Hanging lake trail in Colorado is one of our favorite hikes in all seasons.
Starting at the Hanging Lake trailhead just off I-70 in Glenwood Canyon, you arrive at Bridal Veil Falls and Hanging Lake after one incredibly steep mile and a half.
The trail follows Deadhorse Creek Canyon, under a lush canopy for a nice cool summer hike. During spring the runoff, the flow increases over the Bridal Veil Falls and you can enjoy wildflowers in bloom along the way.
During an autumn hike, you can enjoy the beautiful fall foliage, fewer crowds, and warm sunshine.
Hanging Lake trail is even more fun in winter though! You get the trail mostly to yourself, slip your way to the top with spectacular icicles and then sled back down on your bottom.
Before I get you into something you are not prepared for – you should know this trail is challenging even in dry warm weather with kids. If you have the proper gear to stay warm and safe, are adventurous and prepared for intense mountain hiking – you will love it as much as we do.
If not – well – get some gear and stick to a summer visit. There are plenty of other free things to do in Colorado in the winter.
To get to Hanging Lake trailhead, you get to experience the spectacular beauty of Glenwood Canyon and the amazing engineering of elevated sections of I-70 that wind their way through the canyon.
Note: If you are traveling I-70 through the mountains in the winter, make sure you are prepared.
The exit is located east of Glenwood Springs Colorado at exit 125. The canyon is so narrow at this point that there is only an eastbound exit. So if you are traveling westbound I70— ie from the Denver, Frisco, Vail side, you will need to exit Exit 121 for Grizzly Creek or 116 Glenwood Springs and then return to the highway headed eastbound and exit 125.
One more note about getting there is that this hike is incredibly popular in the summer.
The parking lot fills up quickly and if the lot is full you are not allowed to park and must return later. In fact, the exit ramp will likely be closed so you can’t even get there.
~Local tip ~ If you do find yourself in this situation – Grizzly Creek is a beautiful hike at the next exit 121 off of I-70 or you can walk the paved trail along the Colorado River from No Name exit 119. Grizzly Creek hike is particularly kid and dog-friendly – unlike Hanging Lake trail.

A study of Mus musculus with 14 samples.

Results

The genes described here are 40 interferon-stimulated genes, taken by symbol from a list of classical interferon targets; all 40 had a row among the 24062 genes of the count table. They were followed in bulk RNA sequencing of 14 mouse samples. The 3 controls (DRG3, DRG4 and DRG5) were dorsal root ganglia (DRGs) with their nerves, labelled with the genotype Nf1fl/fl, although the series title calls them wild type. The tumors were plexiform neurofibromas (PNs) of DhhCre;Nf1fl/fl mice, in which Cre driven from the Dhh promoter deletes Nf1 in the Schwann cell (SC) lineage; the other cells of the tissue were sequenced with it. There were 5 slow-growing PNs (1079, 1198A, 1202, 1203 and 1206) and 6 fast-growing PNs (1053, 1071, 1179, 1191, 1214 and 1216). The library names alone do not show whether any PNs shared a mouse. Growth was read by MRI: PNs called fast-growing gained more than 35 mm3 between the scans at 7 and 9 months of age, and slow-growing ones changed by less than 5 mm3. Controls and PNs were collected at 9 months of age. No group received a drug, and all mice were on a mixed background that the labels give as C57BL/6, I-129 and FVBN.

Things to Know About Hanging Lake Trail:
Hanging Lake is a National Natural Landmark and is a very sensitive ecosystem.
This area is very popular with over 100,000 visitors per year and easily susceptible to damage. Therefore the rules are quite strict to keep the lake in its beautiful condition.
Dogs are not allowed on the trail, and if a Ranger is not present other hikers will likely tell you to take your dog back to the car. We have seen this happen more than once. So you may not get a ticket but you will certainly be shamed into complying with the rules.
The water at the lake is crystal clear which makes for such beautiful pictures. Swimming, fishing or even touching the water is prohibited. You are not allowed to hop in the rocks in the water or climb out along the log that is floating into the center.
In addition, there are no facilities a the top and the area is very small – so use the bathrooms at the bottom before you start hiking.
Hiking Hanging Lake Trail
Although the hike is not technical, it is surprisingly steep.
You climb about 1,000 feet in elevation over 1 1/2 miles.
There are no facilities so you must fill your backpack with water and snacks! Even seasoned hikers like us, need to stop and catch our breath. Plus yummy snacks work wonders to keep the kids motivated.
The vegetation is lush and beautiful. The kids found plenty of moss, bushes, and flowers to enjoy. The trail crosses back and forth over the creek on footbridges. Which gives the kids the chance to throw rocks in the creek.
In the winter the trail becomes snow covered and the bridges are covered up to the railings. Giving you a feeling of a real winter wonderland.
In the end, just before reaching the lake, you have to climb stairs that are carved into the rocks.
There is an old metal railing to hold onto, but not much more. This is the only truly difficult part.
In the winter the stairs become ice covered and very slippery to climb. We hiked the trail in snow boots but crampons or even Yax tracks would have come in handy at this point.
Once you make it past the stairs you arrive at Hanging Lake and the Bridal Veil Falls. As you walk up the last of the stairs, the sun appears from under the tree covered path and you see the bright turquoise waters.
A boardwalk has been constructed around the lake to protect the shoreline. You can walk around the small lake on the platform and sit at the benches to relax.
At the top of the stairs, there is another trail leading up above the lake to Spouting Rock. This waterfall comes directly out of the cliff wall.
This place really is magical.
And so much fun!
You can see why Hanging Lake is part of the National Natural Landmarks for the unique geological features.
Hanging lake is formed by travertine, a form of limestone deposited by the mineral springs. This formation is unique, unusual and delicate.
The Forest Service does have a future plan in place to limit the number of visitors, run a shuttle service and possibly implement a fee-based system during the summer.
We love to hike Hanging Lake Trail in Colorado. Do you have a favorite trail in Colorado that can compete?